Tuesday, September 3, 2013

Down the road, a furor's brewing

On Tuesday, the Palmer Town Council voted to approve a “host community agreement” with Mohegan Sun for a potential casino off the Mass Pike there. It's a big deal – a $15.2 million initial payment plus about $13.2 million a year plus upgrades to town infrastructure the report claims will benefit residents to varying degrees plus a small percentage of the “gross gaming revenue.”
Sounds great, right? Wish it were here?
Nope. To me, having a casino in any town of Palmer's or Southbridge's size means essentially surrendering the community to all of the downsides of a one-company town with few of the benefits. Unlike major cities, where there's enough other economic activity to keep things moving, small towns can't support an entity that's so disproportionately big.
In theory, it provides jobs and tax money, but the reality is that happens at the expense of strangling the other businesses in town. That's twofold: because the casino is not locally-owned, almost all of its profits go elsewhere, and it has no reason to promote other businesses in town. It's essentially a self-contained $1 billion mini-city, with multiple retail stores, restaurants, a hotel, theater and even a water park as part of the plans. 
The whole point of a casino is to trap you inside until you run out of money, and this one will have its own Pike exit to eliminate even the need to drive by those local businesses en route. You don't visit what you never see.
Palmer's agreement refers to something called a “Players' Club Card Program” by which casino patrons get “redemption opportunities” at local non-casino businesses – whatever that means. Can they redeem the mortgage payments and kids' college funds they just squandered? I doubt it. If more than a handful of people actually use it and local businesses get anything from it, I'd be very surprised. It smells of pure propaganda, with the casino knowing it'll pay out next to nothing, but then be able to blame the players.
At their best, the historic mill towns were the polar opposite. Although one company often dominated and some were abusive, the owners typically actually lived in town, frequented the other businesses, participated in town affairs, and otherwise had a vested interest in ensuring the community thrived. As in Southbridge, they're often buried in the towns they had a hand in building, even though they also got far richer than the average person.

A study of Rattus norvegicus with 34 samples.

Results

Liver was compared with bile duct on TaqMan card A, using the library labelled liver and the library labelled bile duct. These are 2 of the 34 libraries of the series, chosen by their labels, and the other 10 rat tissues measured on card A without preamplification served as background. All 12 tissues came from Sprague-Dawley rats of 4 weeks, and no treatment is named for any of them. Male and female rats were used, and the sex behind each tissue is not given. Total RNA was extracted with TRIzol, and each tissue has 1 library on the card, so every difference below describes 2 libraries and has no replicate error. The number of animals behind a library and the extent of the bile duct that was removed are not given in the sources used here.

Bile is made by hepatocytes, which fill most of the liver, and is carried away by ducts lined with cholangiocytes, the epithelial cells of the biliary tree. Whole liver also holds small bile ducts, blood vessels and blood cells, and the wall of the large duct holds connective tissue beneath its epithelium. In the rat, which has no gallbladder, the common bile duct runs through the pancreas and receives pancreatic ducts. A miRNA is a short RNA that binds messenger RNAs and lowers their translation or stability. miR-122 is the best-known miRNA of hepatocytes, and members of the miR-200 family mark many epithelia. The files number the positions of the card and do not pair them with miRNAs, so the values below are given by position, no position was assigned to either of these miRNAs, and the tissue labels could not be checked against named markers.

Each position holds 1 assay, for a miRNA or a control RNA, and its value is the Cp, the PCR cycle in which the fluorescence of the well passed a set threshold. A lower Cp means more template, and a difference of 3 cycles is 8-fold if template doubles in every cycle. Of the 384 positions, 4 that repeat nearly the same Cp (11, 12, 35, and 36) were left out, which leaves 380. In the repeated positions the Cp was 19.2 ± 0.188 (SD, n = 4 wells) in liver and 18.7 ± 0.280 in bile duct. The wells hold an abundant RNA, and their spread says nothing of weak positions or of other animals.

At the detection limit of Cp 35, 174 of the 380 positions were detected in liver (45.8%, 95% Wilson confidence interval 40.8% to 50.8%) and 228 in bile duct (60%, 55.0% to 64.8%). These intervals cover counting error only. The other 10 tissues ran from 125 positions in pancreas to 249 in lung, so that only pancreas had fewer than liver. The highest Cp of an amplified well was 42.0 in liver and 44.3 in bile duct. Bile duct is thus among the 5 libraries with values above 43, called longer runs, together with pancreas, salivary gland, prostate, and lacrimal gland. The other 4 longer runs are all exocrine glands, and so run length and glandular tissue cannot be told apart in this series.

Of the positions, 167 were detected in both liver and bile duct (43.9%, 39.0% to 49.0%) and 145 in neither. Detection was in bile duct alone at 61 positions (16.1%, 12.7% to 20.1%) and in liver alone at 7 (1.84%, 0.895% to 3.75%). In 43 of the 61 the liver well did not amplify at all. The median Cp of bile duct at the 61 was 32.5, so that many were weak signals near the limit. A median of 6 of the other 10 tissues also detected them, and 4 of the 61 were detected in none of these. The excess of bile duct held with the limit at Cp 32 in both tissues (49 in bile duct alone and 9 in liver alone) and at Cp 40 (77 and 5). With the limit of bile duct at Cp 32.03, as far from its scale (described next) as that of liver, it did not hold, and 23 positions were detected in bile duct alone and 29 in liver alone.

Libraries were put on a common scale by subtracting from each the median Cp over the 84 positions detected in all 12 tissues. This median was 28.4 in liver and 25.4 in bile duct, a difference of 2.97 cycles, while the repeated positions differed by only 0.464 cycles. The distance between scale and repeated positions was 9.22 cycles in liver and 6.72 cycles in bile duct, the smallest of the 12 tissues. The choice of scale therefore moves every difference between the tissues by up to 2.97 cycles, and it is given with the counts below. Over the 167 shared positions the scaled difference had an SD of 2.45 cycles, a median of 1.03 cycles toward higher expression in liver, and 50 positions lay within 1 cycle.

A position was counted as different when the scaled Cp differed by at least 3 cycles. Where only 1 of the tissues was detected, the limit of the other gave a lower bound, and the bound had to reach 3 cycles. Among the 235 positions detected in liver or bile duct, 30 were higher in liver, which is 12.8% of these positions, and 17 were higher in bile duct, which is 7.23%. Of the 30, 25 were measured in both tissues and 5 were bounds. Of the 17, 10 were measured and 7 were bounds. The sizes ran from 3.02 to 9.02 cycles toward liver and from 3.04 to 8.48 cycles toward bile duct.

Those towns, in fact, typically “went south” when the company was sold to some outsider, usually a faceless, soulless corporation. In Southbridge, such a sale eventually led to American Optical (AO, or the "hey-ho" to locals) being sold off piecemeal, some parts moving out of state, some simply disintegrating, but all leaving a giant gap that still hasn't been filled in the town's psyche.
With casinos, the soulless corporation starts the process, and things go downhill from there. Sure, there will probably be an initial rush of cash and some noticeable town projects getting done that have been needed for years. $15 million is a huge chunk of most town's budgets -- In Palmer, it's HALF of what the town spends in a year, and nearly equals its annual tax collection.
I can hear some people cheering, since that would theoretically all but eliminate everyone else's taxes or the town's need for state aid. Maybe, but at what cost? History is laden with examples of huge financial windfalls corrupting communities and/or resulting in the “benefactor” eventually taking off the smiling face and effectively taking over the town for its own benefit. Giant sums of money are extremely hazardous to healthy democracies and tend to undermine the more general sense of community, especially when they're in the hands of one person or company, and doubly so when that firm's profits go elsewhere.
People in Southbridge still cast a wary eye on Casella because of the fiscal impact from the annual landfill royalties (among other things), and that sum is FAR less than Mohegan Sun's would be. While I imagine few Palmerites will even see this column, I hope they consider these points and reject the host agreement – and the casino itself – when their chance to vote comes.